This month organizers celebrated a new data repository for lung scans, a triumph of collaboration among many partners, including CSL Behring. The resource launched by the Open Source Imaging Consortium (OSIC) aims to combine big data with artificial intelligence in a way that will improve care for patients who have rare lung diseases.
So it was a little surprising to hear Leonardo da Vinci’s name come up at an OSIC meeting. Born in 1452, the Italian artist painted the “Mona Lisa,” imagined airplanes 400 years before they flew and made intricate anatomical drawings of the human body to understand how it worked.
In describing the data repository, OSIC’s Executive Director Elizabeth Estes said this: “It’s going to look at the data from different perspectives: pulmonary, radiology and artificial intelligence. Three perspectives, like the da Vinci effect.”
That’s accurate, says Michael Gelb, author of the best-selling book, “How to Think Like Leonardo da Vinci.” Da Vinci did look at his subjects from multiple perspectives as he figured out how to paint realistic scenes and people, puzzled over the physics of flight and diagrammed the mechanics of the body, including even the inner workings of heart. He crossed disciplines and blended his interests in art, map making and engineering.
“His art was in service to his science. They weren’t separate,” said Gelb, who pored over da Vinci’s notebooks to extract principles for modern-day living, creating and innovating.
Gelb’s seven da Vincian principles – appropriately expressed in Italian – are:
Curiosità – A thirst for learning
Dimonstratzione – A commitment to testing knowledge through experience and making mistakes
Sensazione – A continual refinement of the senses
Sfumato – A willingness to embrace ambiguity
Arte/Scienza – Balancing art and science in “whole brain thinking”
Corporalità – Pursuing grace, fitness and poise
Connessione – “A recognition and appreciation for the interconnectedness of all things and phenomena. Systems thinking.”
Since the book’s launch in 1998, Gelb has been counseling business leaders and research scientists about how to apply these principles to their lives and careers. Balancing art and science is an essential da Vincian principle. Nobel-Prize winning scientists, Gelb says, are three times more likely than average to have artistic interests in addition to their research pursuits.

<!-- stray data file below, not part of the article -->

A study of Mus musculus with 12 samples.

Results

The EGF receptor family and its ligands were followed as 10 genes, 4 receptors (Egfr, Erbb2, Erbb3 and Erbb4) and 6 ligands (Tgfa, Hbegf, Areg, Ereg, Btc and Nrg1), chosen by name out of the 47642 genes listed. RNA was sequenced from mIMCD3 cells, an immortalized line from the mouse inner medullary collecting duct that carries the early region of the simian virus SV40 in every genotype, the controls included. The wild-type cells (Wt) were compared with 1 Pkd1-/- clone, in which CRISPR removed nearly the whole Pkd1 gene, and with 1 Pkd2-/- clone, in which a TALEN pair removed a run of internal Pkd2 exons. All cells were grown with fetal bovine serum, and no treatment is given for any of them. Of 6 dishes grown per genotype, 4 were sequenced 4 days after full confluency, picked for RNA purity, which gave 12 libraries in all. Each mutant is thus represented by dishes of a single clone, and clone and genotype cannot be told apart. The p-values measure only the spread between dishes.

To work the whole brain, he encourages deep dives into comparative art, surveys of musical genres and, true to da Vinci’s Italian roots, wine tasting. But even with all these sensorial prompts, rigorously trained doctors, engineers and scientists often have difficulty tapping into creativity. It’s easy to understand why. Physicians, for instance, must protect a patient’s health and make the right calls. There’s no time for playful thoughts.
Gelb combats this by offering low-risk opportunities to be creative. For instance, he once taught 1,000 computer company employees to juggle and invited a team of scientists to write anonymous poems. These exercises teach risk-averse professionals to toggle between their creative selves, when conditions allow, and their necessarily precise, analytical selves, he said. The point is to become more aware of which situation you’re in and when to enjoy the wide freedom of creative thought.
Perhaps it’s “connessione” – the interconnectedness of things – that’s most relevant to scientists who are pursuing breakthroughs in their fields. What will happen if you combine the disciplines of pulmonology, radiology and artificial intelligence?
“This is what geniuses do that no one else does. They make connections that other people don’t see,” Gelb said.
Even artificial intelligence – with all its 21st Century potential – has a thread of connection to da Vinci, his relentless pursuit of knowledge and his stalwart belief that he could figure almost anything out.
“Everything connects to everything else,” Gelb said. “AI is just a reflection of NI – natural intelligence.”